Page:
The people over at REVOLT just highlighted several young, major players in tech who are making big waves in the technology industry. Two of these individuals also earned a degree at one particular black college that everyone from Drake and Diddy to Michelle and Barack Obama reps regularly and supports.
You guessed it—historically black Howard University in the nation’s capital.
Several people in the black community has spoken out over the years against many of the top tech companies in the country for not hiring more people of color—“…the nation’s top tech companies have reported less than 10 percent of the companies’ overall employees were Black (6%) or Latino (7%), compared to 27 percent in the America workforce,” writes Rashad Drakeford on REVOLT.
“For many minority entrepreneurs, they face serious hurdles in accessing capital and investors for their businesses.”
In a critic of the tech industry’s diversity, or lack thereof, technology expert and entrepreneur Angela Benton, CEO and Founder of NewMe, a platform that helps to help entrepreneurs use their non-traditional backgrounds as strengths to leverage them in business, writes, “Google reportedly has 46,170 employees worldwide. Its diversity numbers reveal that while 70% of its workforce is male, only 30% is female, a figure that’s 17% less than the representation of women in the U.S. workforce today.”
Benton added, “What is more startling is its ethnicity figures, which only accounts for the U.S.: 61% are white, 2% are black and 3% are Hispanic; 30% are Asian and 4% are of two or more races.”
Nonetheless, many new, diverse, and young go-getters in tech are paving their own road to success, despite the odds and the stats that show that “people of color in tech exist at a far lower rate than the national workforce average.”
For many minority entrepreneurs, they face serious hurdles in accessing capital and investors for their businesses.
Like Jewel Burks, 26, the CEO of Patrpic, an Atlanta based startup designed to streamline the purchase of maintenance and repair parts using computer vision technology, and also an Entrepreneur in Residence for Diversity at Google and also a graduate of Howard University. Partpic has helped to raise over a million dollars in funds to help integrate the company’s proprietary technology into mobile apps and its founder has been featured in Forbes, Black Enterprise, Essence and Glamour and other publications.
Jewel Burks is co-founder and CEO of Partpic, an Atlanta based startup designed to streamline the purchase of maintenance and repair parts using computer vision technology. Partpic has raised over $1.5 million in seed funding to integrate its proprietary technology into mobile apps and websites of parts distributors and retailers. Partpic has won numerous national competitions including the 2015 SXSW Accelerator and Steve Case’s Rise of the Rest.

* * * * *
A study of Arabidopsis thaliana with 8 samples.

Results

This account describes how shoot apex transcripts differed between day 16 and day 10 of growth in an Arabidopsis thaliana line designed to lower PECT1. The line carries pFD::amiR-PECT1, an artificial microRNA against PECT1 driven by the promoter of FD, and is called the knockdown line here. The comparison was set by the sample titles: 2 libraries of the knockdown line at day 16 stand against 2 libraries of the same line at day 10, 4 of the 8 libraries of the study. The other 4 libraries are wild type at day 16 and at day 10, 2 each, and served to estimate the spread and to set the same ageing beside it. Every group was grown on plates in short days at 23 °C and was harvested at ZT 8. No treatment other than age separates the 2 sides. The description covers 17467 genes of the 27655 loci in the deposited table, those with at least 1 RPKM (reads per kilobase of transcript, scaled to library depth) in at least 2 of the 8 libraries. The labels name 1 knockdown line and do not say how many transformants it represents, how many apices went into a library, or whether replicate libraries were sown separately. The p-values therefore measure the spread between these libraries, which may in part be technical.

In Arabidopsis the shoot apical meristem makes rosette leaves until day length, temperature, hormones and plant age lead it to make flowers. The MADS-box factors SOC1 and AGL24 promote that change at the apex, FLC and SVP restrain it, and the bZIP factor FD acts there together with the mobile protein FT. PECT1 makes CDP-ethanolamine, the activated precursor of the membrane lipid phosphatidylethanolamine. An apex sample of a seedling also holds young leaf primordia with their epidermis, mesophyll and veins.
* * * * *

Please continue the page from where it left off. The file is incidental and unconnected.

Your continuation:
In addition to leading Partpic, Jewel also serves as an Entrepreneur in Residence for Diversity Markets at Google. She works to help underserved business owners attract and engage customers using Google’s business tools. Jewel has been featured in numerous publications including Forbes, Black Enterprise, Essence and Glamour. Prior to founding Partpic, Jewel served in management and enterprise sales roles at McMaster-Carr and Google. Jewel is a native of Nashville, TN and graduate of Howard University.
Or like Rodney Williams, 32, who holds four degrees (two masters), one of which is an M.B.A. also from Howard:
Rodney Williams, Founder/CEO of LISNR, leads one of the most disruptive companies in the IoT space and the world of mobile connectivity with a new communication protocol that is the most efficient way to connect any device with a speaker or microphone. Fresh off of their $10M Series B raise lead by Intel Capital, LISNR took the stage in 2015 racking some the world’s most coveted awards such as a Gold Lion @ Cannes for Most Innovative Mobile Technology and being selected at #12 on 2015’s CNBC Disruptor 50 to just name a few. Williams is an innovative and out-of-the-box strategic thinker who is obsessed with the ways technology will touch and improve our everyday lives.
Prior to LISNR, Williams spent over four years at Procter & Gamble as a brand manager and is most noted for being the first marketer there to co-write digital patents. Williams holds four degrees but most notably two masters, one of which is an M.B.A. from Howard University.